Purpose: Hyperthermia can be used to enhance the effects of radiation, and a combined treatment may, in some circumstances, be an advantage. Uterine cervical cancer is very common in developing countries. The control of locally advanced pelvic tumors is difficult with conventional treatment modalities. Based upon the biologic rationale and in view of the recent advances in heating and thermometry techniques, radiotherapy in combination with hyperthermia was investigated in a multi-institutional prospective randomized trial sponsored by the International Atomic Energy Agency. The primary purpose was to clarify whether the combination of hyperthermia and radiotherapy improves the rate of local control, compared with radiotherapy alone.
Methods and materials: A total of 110 patients with biopsy-proven, locally advanced carcinoma of the uterine cervix were randomized to treatment by radiotherapy with or without hyperthermia. The patients were stratified by institution, stage, and histologic type. Each patient received external beam radiation therapy and brachytherapy. For the patients randomized to receive hyperthermia, a minimum of five sessions (60 min each, once per week) were administered, employing a radiofrequency (RF) capacitive heating device. Intratumoral temperature was measured at the first hyperthermic treatment, and at least once more during the course of treatment. The equipment and the policies and procedures at each participating institution except one (Pusan) were personally inspected at least once by the corresponding author, to ensure that quality assurance procedures were in place and were followed for treatment according to the protocol guidelines. The median follow-up period was 466 days for all the patients and 512 days for the surviving patients.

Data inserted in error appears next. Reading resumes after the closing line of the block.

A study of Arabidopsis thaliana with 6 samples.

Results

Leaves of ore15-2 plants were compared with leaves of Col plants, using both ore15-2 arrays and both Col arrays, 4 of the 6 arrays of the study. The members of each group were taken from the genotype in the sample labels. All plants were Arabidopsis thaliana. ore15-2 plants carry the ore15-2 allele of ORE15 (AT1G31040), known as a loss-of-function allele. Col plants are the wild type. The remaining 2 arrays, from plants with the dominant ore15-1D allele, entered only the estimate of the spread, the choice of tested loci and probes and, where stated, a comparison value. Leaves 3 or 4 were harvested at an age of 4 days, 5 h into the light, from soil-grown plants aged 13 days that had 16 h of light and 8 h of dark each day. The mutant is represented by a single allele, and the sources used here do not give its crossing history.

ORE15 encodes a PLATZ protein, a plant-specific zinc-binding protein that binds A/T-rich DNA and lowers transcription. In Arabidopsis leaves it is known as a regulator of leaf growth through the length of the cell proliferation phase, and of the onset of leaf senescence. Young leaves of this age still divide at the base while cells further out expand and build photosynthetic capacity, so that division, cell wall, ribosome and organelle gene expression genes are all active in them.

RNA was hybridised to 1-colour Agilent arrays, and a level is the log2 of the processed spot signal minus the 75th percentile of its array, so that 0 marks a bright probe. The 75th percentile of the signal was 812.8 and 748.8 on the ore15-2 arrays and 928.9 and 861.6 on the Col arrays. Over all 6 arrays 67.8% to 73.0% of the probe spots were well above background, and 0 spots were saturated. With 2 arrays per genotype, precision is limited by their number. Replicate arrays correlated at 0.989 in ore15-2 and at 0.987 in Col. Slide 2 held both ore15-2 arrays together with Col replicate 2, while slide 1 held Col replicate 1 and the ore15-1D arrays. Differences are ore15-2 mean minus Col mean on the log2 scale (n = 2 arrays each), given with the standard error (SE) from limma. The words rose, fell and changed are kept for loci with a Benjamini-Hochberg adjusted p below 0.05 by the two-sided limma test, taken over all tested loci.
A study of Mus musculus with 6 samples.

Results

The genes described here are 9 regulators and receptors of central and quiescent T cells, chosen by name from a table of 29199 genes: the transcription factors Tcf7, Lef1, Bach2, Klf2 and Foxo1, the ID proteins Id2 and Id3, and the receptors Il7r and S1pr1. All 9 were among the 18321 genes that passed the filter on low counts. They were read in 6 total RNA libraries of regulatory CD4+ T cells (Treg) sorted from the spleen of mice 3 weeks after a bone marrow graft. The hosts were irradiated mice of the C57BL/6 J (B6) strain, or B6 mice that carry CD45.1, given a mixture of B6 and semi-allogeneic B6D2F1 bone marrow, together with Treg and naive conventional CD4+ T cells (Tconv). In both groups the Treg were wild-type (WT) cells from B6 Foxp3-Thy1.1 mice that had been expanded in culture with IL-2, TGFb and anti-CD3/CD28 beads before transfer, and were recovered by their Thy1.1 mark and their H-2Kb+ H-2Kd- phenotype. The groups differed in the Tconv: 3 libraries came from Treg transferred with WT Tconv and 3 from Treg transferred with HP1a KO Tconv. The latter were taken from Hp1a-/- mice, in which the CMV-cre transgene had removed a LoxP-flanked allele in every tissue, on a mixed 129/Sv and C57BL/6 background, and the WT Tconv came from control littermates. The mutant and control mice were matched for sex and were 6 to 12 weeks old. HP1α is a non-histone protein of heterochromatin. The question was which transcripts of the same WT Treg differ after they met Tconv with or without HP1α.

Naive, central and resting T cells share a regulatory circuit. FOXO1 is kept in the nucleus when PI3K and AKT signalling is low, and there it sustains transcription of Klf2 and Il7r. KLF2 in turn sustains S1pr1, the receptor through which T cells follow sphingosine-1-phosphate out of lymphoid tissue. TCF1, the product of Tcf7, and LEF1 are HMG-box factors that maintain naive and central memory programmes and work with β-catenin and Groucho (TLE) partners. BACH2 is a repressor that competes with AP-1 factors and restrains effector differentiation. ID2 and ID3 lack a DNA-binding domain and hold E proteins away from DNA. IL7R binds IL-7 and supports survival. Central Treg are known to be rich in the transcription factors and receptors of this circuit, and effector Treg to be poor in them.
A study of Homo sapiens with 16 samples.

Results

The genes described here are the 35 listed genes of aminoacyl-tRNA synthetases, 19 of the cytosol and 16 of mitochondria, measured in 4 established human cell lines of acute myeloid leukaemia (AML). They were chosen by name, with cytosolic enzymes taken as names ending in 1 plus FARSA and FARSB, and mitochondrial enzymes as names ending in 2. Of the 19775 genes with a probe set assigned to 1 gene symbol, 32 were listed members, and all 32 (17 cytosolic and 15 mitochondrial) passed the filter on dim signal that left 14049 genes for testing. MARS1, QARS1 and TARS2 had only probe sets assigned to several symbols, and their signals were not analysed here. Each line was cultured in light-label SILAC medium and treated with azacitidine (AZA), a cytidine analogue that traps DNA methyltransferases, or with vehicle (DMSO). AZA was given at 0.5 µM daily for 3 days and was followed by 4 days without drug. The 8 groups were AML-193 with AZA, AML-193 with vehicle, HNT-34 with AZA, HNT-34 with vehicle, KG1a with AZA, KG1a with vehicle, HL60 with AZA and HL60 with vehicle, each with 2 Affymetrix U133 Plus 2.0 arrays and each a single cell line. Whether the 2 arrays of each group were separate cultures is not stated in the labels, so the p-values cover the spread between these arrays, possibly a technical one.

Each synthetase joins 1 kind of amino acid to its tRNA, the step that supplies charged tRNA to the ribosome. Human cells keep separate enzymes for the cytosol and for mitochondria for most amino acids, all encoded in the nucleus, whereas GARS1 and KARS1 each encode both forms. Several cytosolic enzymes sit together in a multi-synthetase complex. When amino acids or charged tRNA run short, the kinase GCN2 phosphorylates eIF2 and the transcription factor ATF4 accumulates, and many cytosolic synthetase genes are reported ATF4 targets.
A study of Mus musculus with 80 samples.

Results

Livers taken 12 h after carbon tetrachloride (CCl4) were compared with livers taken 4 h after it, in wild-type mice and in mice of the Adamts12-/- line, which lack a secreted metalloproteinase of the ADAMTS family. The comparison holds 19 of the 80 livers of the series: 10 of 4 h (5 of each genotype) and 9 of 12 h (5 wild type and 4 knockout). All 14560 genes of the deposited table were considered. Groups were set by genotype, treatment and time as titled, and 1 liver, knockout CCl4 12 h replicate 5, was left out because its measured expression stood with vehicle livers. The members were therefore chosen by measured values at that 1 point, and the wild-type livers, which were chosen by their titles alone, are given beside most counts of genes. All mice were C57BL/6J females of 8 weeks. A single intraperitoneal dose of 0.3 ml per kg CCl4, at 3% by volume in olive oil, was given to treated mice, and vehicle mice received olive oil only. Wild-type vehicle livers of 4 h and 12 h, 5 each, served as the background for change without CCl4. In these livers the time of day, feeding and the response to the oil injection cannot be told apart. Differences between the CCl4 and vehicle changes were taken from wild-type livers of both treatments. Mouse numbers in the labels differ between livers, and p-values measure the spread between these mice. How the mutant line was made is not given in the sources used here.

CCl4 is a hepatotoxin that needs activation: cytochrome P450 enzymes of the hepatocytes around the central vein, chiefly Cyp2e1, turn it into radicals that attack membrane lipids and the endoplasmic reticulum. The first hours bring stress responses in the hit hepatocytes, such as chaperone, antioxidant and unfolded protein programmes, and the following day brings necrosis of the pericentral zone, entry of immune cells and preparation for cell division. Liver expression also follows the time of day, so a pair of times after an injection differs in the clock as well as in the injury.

Results: The two arms were well balanced with regard to the patient factors, tumor factors, and treatment factors. The overall survival rate at 3 years was 73.2%, and the local control rate was 68.5%. There were no significant differences between the patients treated with or without hyperthermia, either with regard to the survival (p = 0.1893) or the rate of local control (p = 0.58). The survival was significantly worse among the patients with Stage IIb disease who received hyperthermia (p = 0.0162) although there was no difference in their rate of local control (p = 0.7988). Further analysis is necessary to determine if the difference in survival is due to a greater incidence of distant metastases or some other cause. Acute Grade 2-3 toxicity was seen in 10/55 patients (18%) treated by hyperthermia and in 2/55 of the patients (4%) treated without hyperthermia (p = 0.01). There was no significant difference in the late toxicity observed in the two arms.
Conclusion: This prospective randomized study failed to show any benefit from the addition of hyperthermia to radiotherapy in the treatment of locally advanced carcinoma of the uterine cervix. The acute toxicity was significantly greater among the patients receiving hyperthermia, and the survival was significantly worse among the Stage IIb patients receiving hyperthermia even though there was no difference in the local control rate.